Dr. Gounden highlights the importance of security and justice sectors to be professional, independent and accountable to civil authority.
On 21 June 2019, Dr. Vasu Gounden addressed the United Nations (UN) Security Council Ad Hoc Working Group on Conflict Prevention and Resolution in Africa on Security Sector Reform.
The UN Security Council, in recognising the need for measures to prevent and resolve conflicts taking place currently in Africa, convened the Ad Hoc Working Group to assess current conflict prevention and resolution mechanisms and to make recommendations to the UN Security Council. The current chair of the Ad Hoc Working group on Conflict Prevention and Resolution in Africa is South Africa’s Permanent Representative to the UN, Ambassador H.E Jerry Matthews Matjila.
During the session Dr. Gounden placed importance on recognising that Africa’s population is growing at an accelerated rate and that many are transferring into urban centres whose cities don’t have the economies to meet the increased demands for jobs and cities who also don’t have the infrastructure needed to provide for the needs of their people. Dr. Gounden further addressed the many threats that face African countries whose security and justice sector is neglected, that dire threats such as cybercrime and trafficking syndicates will become more prevalent in the online space and that Africa is moving more into the conservative and authoritarian realm than the space for freedom and democracy.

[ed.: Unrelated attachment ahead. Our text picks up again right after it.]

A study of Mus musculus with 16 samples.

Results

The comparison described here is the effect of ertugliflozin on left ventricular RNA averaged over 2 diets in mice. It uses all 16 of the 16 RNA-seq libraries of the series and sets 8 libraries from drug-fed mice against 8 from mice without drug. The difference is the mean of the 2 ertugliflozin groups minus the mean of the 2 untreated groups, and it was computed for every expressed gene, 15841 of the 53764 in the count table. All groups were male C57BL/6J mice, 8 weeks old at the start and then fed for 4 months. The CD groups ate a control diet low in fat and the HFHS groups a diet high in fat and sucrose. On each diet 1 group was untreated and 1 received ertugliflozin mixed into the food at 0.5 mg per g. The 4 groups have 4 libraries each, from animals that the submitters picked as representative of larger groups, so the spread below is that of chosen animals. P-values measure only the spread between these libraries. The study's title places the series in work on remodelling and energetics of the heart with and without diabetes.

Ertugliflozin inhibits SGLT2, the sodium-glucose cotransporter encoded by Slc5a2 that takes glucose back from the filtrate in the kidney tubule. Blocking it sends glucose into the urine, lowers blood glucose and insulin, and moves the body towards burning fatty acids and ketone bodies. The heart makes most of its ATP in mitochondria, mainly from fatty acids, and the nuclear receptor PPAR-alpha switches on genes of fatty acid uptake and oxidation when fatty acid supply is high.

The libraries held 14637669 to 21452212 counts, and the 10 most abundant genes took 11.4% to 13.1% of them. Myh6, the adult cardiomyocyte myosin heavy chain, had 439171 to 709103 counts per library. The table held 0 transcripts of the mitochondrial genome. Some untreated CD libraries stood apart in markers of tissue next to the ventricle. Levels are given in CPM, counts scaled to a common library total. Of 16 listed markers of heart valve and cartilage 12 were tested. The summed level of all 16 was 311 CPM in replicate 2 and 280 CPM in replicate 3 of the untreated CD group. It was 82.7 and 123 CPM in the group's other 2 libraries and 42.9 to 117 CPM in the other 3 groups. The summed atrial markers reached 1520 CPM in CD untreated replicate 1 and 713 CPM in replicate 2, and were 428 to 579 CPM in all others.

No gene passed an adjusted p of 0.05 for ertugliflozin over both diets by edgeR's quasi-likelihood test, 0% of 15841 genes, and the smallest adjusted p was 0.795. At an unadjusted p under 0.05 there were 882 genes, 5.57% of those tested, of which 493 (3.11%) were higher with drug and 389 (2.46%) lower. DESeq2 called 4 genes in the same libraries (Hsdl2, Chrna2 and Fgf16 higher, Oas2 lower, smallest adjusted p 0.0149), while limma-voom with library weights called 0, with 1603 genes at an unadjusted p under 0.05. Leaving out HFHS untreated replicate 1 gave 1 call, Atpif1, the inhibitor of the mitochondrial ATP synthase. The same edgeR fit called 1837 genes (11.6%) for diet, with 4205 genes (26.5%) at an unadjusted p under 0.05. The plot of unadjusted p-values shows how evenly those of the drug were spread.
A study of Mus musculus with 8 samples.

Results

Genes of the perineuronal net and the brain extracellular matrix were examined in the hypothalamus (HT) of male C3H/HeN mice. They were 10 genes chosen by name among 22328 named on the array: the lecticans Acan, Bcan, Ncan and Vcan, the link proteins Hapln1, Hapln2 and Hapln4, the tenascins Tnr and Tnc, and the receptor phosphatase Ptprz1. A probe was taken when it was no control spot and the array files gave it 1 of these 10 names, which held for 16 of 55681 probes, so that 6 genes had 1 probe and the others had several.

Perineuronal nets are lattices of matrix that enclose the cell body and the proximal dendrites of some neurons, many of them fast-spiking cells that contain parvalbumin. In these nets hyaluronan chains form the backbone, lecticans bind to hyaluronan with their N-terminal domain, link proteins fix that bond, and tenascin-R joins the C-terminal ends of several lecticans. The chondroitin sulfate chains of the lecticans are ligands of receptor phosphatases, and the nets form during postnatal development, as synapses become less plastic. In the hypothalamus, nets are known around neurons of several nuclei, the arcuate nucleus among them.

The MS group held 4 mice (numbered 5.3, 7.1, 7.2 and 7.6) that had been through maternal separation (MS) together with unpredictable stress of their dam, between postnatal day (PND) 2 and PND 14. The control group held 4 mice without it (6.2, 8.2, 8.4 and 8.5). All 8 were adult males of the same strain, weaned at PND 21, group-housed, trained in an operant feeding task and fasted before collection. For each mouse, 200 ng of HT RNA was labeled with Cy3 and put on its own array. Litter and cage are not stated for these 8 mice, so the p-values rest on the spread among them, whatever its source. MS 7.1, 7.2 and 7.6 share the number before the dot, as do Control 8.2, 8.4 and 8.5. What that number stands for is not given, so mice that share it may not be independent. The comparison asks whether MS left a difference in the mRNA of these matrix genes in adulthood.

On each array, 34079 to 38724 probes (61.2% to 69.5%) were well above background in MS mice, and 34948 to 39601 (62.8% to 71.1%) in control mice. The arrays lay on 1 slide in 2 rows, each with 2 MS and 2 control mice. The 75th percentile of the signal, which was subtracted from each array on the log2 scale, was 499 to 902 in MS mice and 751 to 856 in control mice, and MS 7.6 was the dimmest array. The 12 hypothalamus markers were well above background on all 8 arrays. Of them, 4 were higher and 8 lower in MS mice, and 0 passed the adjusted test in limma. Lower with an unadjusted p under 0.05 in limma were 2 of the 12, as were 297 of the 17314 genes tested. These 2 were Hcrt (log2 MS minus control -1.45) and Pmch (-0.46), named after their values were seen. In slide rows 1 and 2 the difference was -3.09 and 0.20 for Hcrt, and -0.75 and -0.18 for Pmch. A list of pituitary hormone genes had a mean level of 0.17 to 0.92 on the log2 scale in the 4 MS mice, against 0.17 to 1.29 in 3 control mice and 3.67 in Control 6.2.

This lead Dr. Gounden to highlight that “security and justice sectors must be professional, independent and accountable to civil authority”. He further stated “the starting point for achieving this is the constitution of the country. The Constitution needs to guarantee the separation and independence of the Legislature, Administration and the Judiciary”. In closing, Dr. Gounden made several recommendations for the session, including; that “when security sector documents are drawn up, civilians must be included in the consultation process. The formulation must generally involve experts. Implementation must be left to the executive. Monitoring should generally involve the Legislature as well as civil society organisations like the media and human rights groups. And lastly, that oversight should be left to the courts or in specific cases Independent Commissions”.
The panel also included Ms. Léonie Banga-Bothy, Former Minister of Foreign Affairs of Central African Republic, Mr. Michael Kingsley-Nyinah, Director, Central and Southern Africa Division, Mt. Muna Ndulo, Professor of law at Cornell Law School and Director of the Institute for African Development and Ms. Merekaje Lorna Nanjia, Secretary General-South Sudan Democratic Engagement Monitoring and Observation Programme (SSuDEMOP).